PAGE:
Every gambling machine in the UK’s betting shops is being updated with software designed to detect and prevent problematic behaviour in players.
The system locks gamblers out of machines for 30 seconds if erratic or excessive play is detected.
While the brief lockdown is in effect, warnings about safe gambling are displayed on the machines’ screens.
One expert said the enforced break was “probably not long enough to have a positive effect”.
The artificial intelligence (AI) Anonymous Player Awareness System was launched this month by the Betting and Gaming Council (BGC), an industry group representing 90% of the UK betting and gaming market.
Among the behaviour patterns it tries to detect are chasing losses, spending too long on a single machine and playing a succession of games rapidly.
“It was rolled out to all our machines in our 1,600 shops in early November,” a spokesman for Betfred told the BBC.
“These alerts are now operational on machines in all 3,200 Ladbrokes and Coral shops,” a Ladbrokes Coral spokesman added.
William Hill confirmed the software had been installed on its betting machines, too.
The Telegraph reported that other firms across the industry may also adopt the software.
Thousands of shops have already installed the technology on betting machines, according to the BGC.
When an enforced break is triggered on a gaming machine, staff in betting shops behind the counter receive an alert, a BGC spokesman said.
“The staff behind know and probably would come out to check you’re ok and have a discussion with you if there are any issues,” he added.
The BGC had already rolled out the system for players who used personal accounts to log in to and play games. It would take previous problematic gambling behaviour into account when analysing play.
However, live behavioural analysis has now been extended to anyone using a betting terminal, whether they log in or not.
Some have questioned how effective the 30 second breaks will be.
“This is a step in the right direction but obviously needs to be monitored and evaluated,” said Mark Griffiths, professor of behavioural addiction at Nottingham Trent University.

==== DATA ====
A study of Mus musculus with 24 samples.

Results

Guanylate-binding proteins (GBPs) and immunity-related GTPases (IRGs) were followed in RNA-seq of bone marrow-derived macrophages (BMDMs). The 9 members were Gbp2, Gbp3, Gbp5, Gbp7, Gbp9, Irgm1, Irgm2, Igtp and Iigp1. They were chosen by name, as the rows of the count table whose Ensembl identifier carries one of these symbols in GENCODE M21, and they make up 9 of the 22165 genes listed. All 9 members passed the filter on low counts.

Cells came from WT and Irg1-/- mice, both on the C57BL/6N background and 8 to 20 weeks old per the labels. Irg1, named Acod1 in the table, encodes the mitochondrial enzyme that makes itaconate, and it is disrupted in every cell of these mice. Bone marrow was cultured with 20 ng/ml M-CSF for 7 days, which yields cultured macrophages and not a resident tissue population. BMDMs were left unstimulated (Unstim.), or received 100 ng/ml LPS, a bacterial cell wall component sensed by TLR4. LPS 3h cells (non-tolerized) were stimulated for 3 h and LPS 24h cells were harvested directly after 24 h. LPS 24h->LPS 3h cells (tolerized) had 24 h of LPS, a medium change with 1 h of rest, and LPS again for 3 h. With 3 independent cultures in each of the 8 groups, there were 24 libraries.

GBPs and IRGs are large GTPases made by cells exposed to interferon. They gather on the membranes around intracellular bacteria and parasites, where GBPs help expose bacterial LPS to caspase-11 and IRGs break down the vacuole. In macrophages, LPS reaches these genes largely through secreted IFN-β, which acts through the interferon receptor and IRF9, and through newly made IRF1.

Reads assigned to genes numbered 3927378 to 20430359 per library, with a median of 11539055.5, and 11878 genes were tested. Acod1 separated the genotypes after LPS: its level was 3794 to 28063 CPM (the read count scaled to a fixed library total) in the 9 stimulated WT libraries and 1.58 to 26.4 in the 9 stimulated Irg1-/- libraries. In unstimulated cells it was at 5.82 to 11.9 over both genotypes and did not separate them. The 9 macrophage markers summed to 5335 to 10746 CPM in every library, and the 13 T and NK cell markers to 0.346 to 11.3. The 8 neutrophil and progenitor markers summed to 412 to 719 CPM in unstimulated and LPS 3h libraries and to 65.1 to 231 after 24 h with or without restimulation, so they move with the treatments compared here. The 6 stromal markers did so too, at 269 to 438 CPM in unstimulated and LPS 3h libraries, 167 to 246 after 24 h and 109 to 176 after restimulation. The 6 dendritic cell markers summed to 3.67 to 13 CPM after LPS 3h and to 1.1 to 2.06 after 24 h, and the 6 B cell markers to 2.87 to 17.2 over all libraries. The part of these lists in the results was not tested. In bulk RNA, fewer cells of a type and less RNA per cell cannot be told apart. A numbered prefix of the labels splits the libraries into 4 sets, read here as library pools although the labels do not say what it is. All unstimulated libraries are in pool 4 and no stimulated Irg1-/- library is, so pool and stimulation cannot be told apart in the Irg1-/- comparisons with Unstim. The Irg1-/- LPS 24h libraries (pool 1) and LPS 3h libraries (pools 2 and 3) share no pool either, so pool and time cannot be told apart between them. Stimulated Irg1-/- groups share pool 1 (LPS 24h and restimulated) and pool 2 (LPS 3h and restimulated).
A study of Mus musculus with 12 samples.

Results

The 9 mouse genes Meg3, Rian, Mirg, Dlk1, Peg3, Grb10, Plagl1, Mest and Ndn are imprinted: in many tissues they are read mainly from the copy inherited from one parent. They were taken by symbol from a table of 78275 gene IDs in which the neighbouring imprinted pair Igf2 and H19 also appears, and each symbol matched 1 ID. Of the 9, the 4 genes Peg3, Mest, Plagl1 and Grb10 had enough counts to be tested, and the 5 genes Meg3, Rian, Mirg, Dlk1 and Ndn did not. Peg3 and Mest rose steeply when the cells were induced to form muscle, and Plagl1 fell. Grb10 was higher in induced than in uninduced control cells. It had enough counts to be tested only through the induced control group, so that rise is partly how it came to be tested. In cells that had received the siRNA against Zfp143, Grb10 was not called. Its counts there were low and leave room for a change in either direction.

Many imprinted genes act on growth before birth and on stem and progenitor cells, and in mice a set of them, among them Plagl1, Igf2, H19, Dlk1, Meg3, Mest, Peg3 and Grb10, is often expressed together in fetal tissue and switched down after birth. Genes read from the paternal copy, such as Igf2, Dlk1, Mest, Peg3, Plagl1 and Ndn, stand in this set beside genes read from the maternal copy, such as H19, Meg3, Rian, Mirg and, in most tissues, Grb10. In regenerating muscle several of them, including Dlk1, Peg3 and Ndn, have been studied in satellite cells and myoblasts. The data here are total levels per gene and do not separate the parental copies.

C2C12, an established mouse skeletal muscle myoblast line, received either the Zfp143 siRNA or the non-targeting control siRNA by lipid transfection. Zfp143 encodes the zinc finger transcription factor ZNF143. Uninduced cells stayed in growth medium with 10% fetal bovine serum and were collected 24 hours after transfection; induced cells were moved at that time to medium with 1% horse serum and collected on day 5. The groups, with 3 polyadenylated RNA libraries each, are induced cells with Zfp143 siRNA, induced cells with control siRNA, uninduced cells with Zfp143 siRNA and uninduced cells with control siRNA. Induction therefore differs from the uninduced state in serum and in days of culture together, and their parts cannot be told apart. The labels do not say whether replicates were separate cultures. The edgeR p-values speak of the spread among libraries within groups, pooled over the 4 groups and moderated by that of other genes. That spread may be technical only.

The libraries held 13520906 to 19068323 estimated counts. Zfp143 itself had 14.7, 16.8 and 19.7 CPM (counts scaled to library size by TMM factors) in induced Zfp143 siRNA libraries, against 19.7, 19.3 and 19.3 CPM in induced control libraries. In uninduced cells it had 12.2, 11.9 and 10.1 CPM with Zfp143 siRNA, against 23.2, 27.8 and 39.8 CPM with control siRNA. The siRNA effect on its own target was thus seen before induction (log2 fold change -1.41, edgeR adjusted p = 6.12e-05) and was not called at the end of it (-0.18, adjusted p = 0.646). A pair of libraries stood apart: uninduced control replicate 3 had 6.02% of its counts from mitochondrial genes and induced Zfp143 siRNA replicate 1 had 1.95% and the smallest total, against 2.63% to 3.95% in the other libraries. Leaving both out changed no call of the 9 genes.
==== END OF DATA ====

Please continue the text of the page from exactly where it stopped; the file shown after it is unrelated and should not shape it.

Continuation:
However, he added, “The mandatory break is probably not long enough to have a positive effect.”
In a study of Norwegian gambling machines published in September, Prof Griffiths and colleagues evaluated whether an enforced 90 second break could curtail problematic gambling behaviour.
The Pentagon has signalled a delay to a decision on whether to award a lucrative cloud-computing contract to Amazon or Microsoft.
The company’s Amazon Web Services division secured a contract with the CIA in 2013 to allow the spy agency to offload work to its computer servers.
That success helped it gain other public-sector work and it now says that more than 2,000 government agencies use its cloud technologies.
Microsoft’s Azure division also provides cloud services to the US intelligence community, and it is the favourite to win a second Pentagon cloud-computing contract out for tender.
The Defense Enterprise Office Solutions (Deos) contract involves providing email, calendar, video-calling and other productivity tools to the US military and is expected to be worth about $8bn.
There had been speculation that the DoD might not want to award both Deos and Jedi to the same provider to avoid becoming over-reliant on a single company.
Mr Bezos has acknowledged that his ownership of the Washington Post – which is often critical of the current administration – has been a “complexifier”, but has said that the president is wrong to consider him an “enemy”.
Mr Bezos has, however, been clear that he believes Amazon should provide services to the US authorities, even if its causes controversy.
This has included supplying facial-recognition technologies to the police as well as pursuing the Jedi contract.
“If big tech companies are going to turn their back on US Department of Defense, this country is going to be in trouble,” Mr Bezos told a conference in October 2018, following Google’s pull-out.
One factor that could act in Mr Bezos’s favour is that he has resisted pressure from some of Amazon’s own employees to drop the surveillance software firm Palantir as a client of Amazon Web Services because of its reported links to the US Immigration and Customs Enforcement agency.
Palantir’s co-founder is Peter Thiel – a billionaire tech investor who advises President Trump.
However, his view on Jedi is unknown.
Bloomberg reported last month that Mr Thiel met Mr Trump and Oracle’s co-chief executive, Safra Catz, at the White House last year when Oracle was still seen as a contender.
The news agency said the possibility of Amazon winning the Jedi contract was one topic discussed, but did not report the detail of what was said.
A a spokeswoman for Oracle told the BBC: “Thank you for reaching out. We decline comment.”